Everybody’s a winner!
Participation ribbons have become participation trophies. Championship and MVP trophies are a constant. But now, there can be awards for “Best Team Player” and “Best Attendance” and “Most Improved” and “Best Attitude”, etc. Potentially, everyone could end up with an award. This practice has been critiqued in columns, blogs, and even on TV shows, like "The Middle." But it might be a wise practice.
Schadenfreude is a German word for the feeling of pleasure you take from another person’s misfortune. “Schaden” means “harm,” and “freude” means “joy” in German. We take pleasure when our enemies – or even friends - fail. Schadenfreude is a mean and dirty part of human nature.
Not too long ago, some Dutch social psychologists conducted a series of studies to explore schadenfreude. In one study, participants took a test to measure their self-esteem. Then, the participants read an interview about a brilliant student, who was later found to have done badly on her thesis. The worse the participants felt about themselves, the more pleasing was this student’s failure (items such as “I couldn’t resist a little smile” or “I enjoyed what happened”).
A second study was conducted. The procedure was similar. But this time, the participants were broken into two groups. In one group, the study proceeded as before. But in the other group, after reading the brilliant student’s interview – but before reading about her bad thesis – the participants were given a prompt to think “self-affirming” thoughts about their important values. The participants in this other group – who experienced the self-affirming thoughts – were less inclined to take pleasure in the student’s failed thesis.
“There’s nothing like a little success to blunt the influence of low self-esteem,” writes Richard H. Smith, a psychology professor. Smith also wrote a book, “The Joy of Pain: Schadenfreude and the Dark Side of Human Nature” – which explores schadenfreude on multiple levels in our culture.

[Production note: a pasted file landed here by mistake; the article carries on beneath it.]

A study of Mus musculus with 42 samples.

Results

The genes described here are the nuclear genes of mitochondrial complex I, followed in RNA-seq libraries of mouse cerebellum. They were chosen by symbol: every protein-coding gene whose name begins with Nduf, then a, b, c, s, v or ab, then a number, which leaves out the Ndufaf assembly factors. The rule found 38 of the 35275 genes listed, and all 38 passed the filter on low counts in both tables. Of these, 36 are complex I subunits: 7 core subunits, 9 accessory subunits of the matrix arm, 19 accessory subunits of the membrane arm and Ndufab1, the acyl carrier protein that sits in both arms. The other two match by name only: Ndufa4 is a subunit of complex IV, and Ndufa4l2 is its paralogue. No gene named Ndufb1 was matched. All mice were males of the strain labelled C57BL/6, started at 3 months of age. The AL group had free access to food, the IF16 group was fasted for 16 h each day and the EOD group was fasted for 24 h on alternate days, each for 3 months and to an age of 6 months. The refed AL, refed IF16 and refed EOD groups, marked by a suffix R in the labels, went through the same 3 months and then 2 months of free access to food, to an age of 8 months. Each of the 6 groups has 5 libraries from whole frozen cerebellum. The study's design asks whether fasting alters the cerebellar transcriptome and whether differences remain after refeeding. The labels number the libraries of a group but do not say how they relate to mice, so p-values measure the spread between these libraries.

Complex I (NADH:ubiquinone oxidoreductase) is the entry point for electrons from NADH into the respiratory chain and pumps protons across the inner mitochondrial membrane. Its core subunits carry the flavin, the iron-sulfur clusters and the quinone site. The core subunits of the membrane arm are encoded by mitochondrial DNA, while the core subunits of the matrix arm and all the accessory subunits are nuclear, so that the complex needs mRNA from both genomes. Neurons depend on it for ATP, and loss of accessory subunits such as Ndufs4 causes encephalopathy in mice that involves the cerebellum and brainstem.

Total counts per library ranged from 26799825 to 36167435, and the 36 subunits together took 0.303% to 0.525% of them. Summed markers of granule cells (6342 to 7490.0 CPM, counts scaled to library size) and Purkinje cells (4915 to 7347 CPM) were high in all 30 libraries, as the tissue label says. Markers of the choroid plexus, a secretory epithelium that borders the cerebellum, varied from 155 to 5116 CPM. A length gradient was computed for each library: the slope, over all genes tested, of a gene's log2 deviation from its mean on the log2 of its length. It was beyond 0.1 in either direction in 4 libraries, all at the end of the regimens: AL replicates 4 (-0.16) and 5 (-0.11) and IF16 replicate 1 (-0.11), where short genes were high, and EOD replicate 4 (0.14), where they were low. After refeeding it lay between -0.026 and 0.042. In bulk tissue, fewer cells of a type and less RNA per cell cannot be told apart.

Back to the Participation Trophies
Recently, the “Facebook Killer” used mindless violence in some twisted way to deal with his romantic failure. How many Americans are just teetering on the brink? How many of us are dealing with the toxicity of low self-esteem? Whose pain and agony will they take pleasure in?
So, maybe participation ribbons and trophies aren’t so bad. A ribbon. A trophy. A random compliment. A perfunctory get-well-soon card signed by your co-workers. A token “Happy Birthday” on Facebook. Little bits of “self-affirming thought” can keep the demon of schadenfreude away, which gives the better part of our human nature a chance to hold on for dear life.
Van Dijk, W., van Koningsbruggen, G.M., Ouweerker, J.W., & Wesseling, Y.M. (2011), Self-esteem, self-affirmation, and schadenfreaude, Emotion, 11, 1445-1449.
Smith, Richard H. (2013), The Joy of Pain: Schadenfreude and the Dark Side of Human Nature, New York: Oxford University Press.
Hello! My name is Heath Shive, content manager at ScholarFox. I'll be the author of most of the blog posts. I'm a former geologist and currently a freelance writer. The world is complex and seemingly crazy. Good! Because when you love to learn, you'll never be bored.